Skokie native David Cromer directs ‘Rent’ in Chicago
American Theater Company, 1909 W. Byron St., Chicago
Through June 17
$45 and $50
(773) 409-4125 or visit www.atcweb.org
Updated: May 22, 2012 9:18PM
After dropping out of Evanston Township High School in his junior year, then proceeding to Columbia College, Skokie native David Cromer began his theater career as a Chicago actor around 1980 — and then made a quick and successful segue into directing.
Following noteworthy productions in Chicago including Jeff Award-winning stagings of “Angels in America” (in which he also acted) in 1998, “The Price” at Writer’s Theatre in 2002, and “The Cider House Rules” at Famous Door in 2003, Cromer transitioned to New York with a Steppenwolf production of “Orson’s Shadow” in 2005.
His subsequent work there includes a long-running 2009 production of “Our Town” (another Chicago transfer, in which he performed as the Stage Manager”) that earned him Lucille Lortel and Obie Awards for directing, and his most recent staging of the family drama “Tribes,” for which he has been nominated for a Drama Desk award.
At the moment, Cromer is back in Chicago, directing the 1996 Pulitzer Prize and Tony Award-winning rock musical “Rent.” The American Theater Company/About Face Theatre production, about the lives and loves of young struggling artists in New York’s East Village, runs through June 17 at the ATC.
Pioneer caught up with him near the end of rehearsals for a quick chat.
Q: At what point did you begin to think directing might appeal to you more than being an actor?
A: I studied acting at Columbia and I started working as an actor, but then I found a play that I wanted to direct, and the chair of the department at Columbia let me come back and audit the directing program. So I was able to kind of go to a grad school situation where one didn’t exist for free. And I really got into it. It was a better fit for me. I still acted occasionally and I act once in awhile now, but I consider myself a director, mostly.
I act as a lark sometimes. But I never thought my abilities were ... Let’s put it his way: I’m a good 28-year-old actor. Unfortunately, I’m 47. (Laughs.)
Q: You have a reputation for being a novel, even a visionary director. When you’re working on a play, how do you approach the text? Do you purposefully try to bring it to life in a novel way?
A: That can’t be the goal. Looking for a new way to do something should never be your motivation. The goal is always to make the play seem as if it’s really happening. You look at the text and figure out “This is what it’s asking for, this is what it’s saying, this is what it does.” People tend to think it’s somehow less worthy, just to try to do what’s there. I think the job is to understand the circumstances that are laid out for you and try to create forces around them that will cause those things to happen organically.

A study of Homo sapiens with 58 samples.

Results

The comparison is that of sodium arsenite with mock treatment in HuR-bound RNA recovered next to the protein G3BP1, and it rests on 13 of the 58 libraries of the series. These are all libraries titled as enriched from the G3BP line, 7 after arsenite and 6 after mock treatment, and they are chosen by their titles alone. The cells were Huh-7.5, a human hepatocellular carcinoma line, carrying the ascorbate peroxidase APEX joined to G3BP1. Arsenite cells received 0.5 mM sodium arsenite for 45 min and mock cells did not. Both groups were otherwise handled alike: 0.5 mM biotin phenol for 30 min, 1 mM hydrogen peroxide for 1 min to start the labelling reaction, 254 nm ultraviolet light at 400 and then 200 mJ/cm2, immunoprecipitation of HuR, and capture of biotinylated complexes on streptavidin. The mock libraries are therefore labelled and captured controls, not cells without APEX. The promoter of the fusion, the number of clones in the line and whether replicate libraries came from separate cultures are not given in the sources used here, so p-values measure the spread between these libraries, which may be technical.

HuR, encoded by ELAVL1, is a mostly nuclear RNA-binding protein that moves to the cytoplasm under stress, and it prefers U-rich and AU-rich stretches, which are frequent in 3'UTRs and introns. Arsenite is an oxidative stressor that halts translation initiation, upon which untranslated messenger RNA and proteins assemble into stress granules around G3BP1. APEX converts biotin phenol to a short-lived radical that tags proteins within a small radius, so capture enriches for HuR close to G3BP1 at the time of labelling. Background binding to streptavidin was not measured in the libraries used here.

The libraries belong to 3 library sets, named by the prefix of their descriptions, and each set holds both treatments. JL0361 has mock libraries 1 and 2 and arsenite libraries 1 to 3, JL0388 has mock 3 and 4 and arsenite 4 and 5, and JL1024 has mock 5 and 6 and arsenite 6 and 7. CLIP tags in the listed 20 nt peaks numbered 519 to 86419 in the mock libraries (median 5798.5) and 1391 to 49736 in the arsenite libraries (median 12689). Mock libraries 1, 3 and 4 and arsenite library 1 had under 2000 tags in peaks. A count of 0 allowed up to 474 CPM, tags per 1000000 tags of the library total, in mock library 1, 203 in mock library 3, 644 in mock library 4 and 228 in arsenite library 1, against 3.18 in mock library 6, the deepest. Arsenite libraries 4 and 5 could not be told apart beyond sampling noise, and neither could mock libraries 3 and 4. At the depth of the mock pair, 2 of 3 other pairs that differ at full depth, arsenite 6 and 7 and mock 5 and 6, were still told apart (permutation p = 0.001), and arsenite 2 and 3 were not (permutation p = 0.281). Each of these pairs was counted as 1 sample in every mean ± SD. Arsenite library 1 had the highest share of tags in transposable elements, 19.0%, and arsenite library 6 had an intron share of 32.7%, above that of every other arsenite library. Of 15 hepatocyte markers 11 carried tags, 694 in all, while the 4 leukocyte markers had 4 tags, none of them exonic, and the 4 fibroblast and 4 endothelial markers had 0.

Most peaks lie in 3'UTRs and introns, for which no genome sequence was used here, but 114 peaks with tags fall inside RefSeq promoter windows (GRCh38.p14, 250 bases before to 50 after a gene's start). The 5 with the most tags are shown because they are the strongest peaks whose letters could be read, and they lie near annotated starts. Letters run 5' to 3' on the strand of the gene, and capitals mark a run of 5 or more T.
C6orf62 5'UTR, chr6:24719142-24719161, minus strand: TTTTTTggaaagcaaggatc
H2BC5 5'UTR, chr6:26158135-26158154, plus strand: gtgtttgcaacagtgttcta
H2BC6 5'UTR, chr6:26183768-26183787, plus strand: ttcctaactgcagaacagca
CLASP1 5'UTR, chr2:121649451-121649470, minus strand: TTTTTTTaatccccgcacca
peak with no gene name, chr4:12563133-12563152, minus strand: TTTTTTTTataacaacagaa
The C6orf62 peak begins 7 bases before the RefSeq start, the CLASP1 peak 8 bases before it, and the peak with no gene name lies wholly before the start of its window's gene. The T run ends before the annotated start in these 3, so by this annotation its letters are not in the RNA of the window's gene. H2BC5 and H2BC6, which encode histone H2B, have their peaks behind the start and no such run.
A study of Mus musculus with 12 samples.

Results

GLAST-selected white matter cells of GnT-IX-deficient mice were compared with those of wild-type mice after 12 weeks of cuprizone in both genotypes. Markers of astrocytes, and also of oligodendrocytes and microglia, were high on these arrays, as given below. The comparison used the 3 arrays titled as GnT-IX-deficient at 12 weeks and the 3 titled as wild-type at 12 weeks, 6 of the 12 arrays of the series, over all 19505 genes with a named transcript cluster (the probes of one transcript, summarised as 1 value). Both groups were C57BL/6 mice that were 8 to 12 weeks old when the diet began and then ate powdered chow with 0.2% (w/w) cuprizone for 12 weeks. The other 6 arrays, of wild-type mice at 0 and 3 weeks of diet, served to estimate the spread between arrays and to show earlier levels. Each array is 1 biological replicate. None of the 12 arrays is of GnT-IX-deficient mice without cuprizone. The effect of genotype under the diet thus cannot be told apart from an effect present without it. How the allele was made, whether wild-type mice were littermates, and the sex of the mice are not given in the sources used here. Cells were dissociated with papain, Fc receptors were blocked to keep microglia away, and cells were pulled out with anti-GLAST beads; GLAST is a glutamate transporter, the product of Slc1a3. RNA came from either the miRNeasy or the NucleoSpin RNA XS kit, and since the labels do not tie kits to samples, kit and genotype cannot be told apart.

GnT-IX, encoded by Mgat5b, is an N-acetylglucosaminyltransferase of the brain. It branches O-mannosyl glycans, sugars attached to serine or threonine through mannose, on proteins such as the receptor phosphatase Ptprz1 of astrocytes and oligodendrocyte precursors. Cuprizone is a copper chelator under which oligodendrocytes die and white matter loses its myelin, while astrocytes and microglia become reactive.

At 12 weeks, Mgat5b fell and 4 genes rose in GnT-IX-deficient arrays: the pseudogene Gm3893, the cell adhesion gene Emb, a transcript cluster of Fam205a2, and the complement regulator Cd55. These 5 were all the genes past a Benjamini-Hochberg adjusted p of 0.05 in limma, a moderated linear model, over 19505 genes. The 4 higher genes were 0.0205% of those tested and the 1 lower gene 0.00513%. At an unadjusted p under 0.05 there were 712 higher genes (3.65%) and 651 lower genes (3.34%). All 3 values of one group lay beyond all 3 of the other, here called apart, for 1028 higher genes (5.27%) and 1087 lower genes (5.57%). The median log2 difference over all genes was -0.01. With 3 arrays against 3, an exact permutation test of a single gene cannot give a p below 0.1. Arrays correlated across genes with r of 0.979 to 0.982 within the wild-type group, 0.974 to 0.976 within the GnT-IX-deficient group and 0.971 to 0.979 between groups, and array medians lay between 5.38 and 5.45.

We’re supposed to do what the play is asking us to do. The first note I give and the last note I give is always to lead with the words, because they’re telling us what’s going on.
Q: Are you approaching “Rent” as a spectacle or as a fairly realistic story about the lives of young struggling artists?
A: I wouldn’t say it’s going to be realistic. After all, they’re singing. (Laughs.) We’re approaching “Rent” as something that is truthful, though that’s not to suggest it hasn’t been approached truthfully before. People associate truthfulness with realism and that’s not necessarily the case. Realism just seems like it’s really happening, that it’s believable — you understand why the person sings. You believe for a time in a world in which people sing.
For plays that require realism, I try to be very aggressive about making them seem literally real — plays like “Come Back, Little Sheba,” or “Picnic.”
Something like “Rent” calls for a heightened reality. There’s really no particular take to consider about “Rent.” They talk about cold they are, they talk about how poor they are and how scared they are. They have moments of great joy, they fall in love. You just try to go moment by moment and make people believe in it, then just ride the story.
Q: Does working on “Rent” remind you of your own struggling days in Chicago theater? A:
Absolutely. That’s one
of the things everyone loves
about this show. It offers a very personal reminder of a point
in your life when you were
young and just starting out in
the world. That’s the universality of it. We’re trying to honor the experience of the characters as written by Jonathan Larson and interpreted by the characters playing them, but I’m certainly bringing as much of my own experience as I can, as much as will be useful.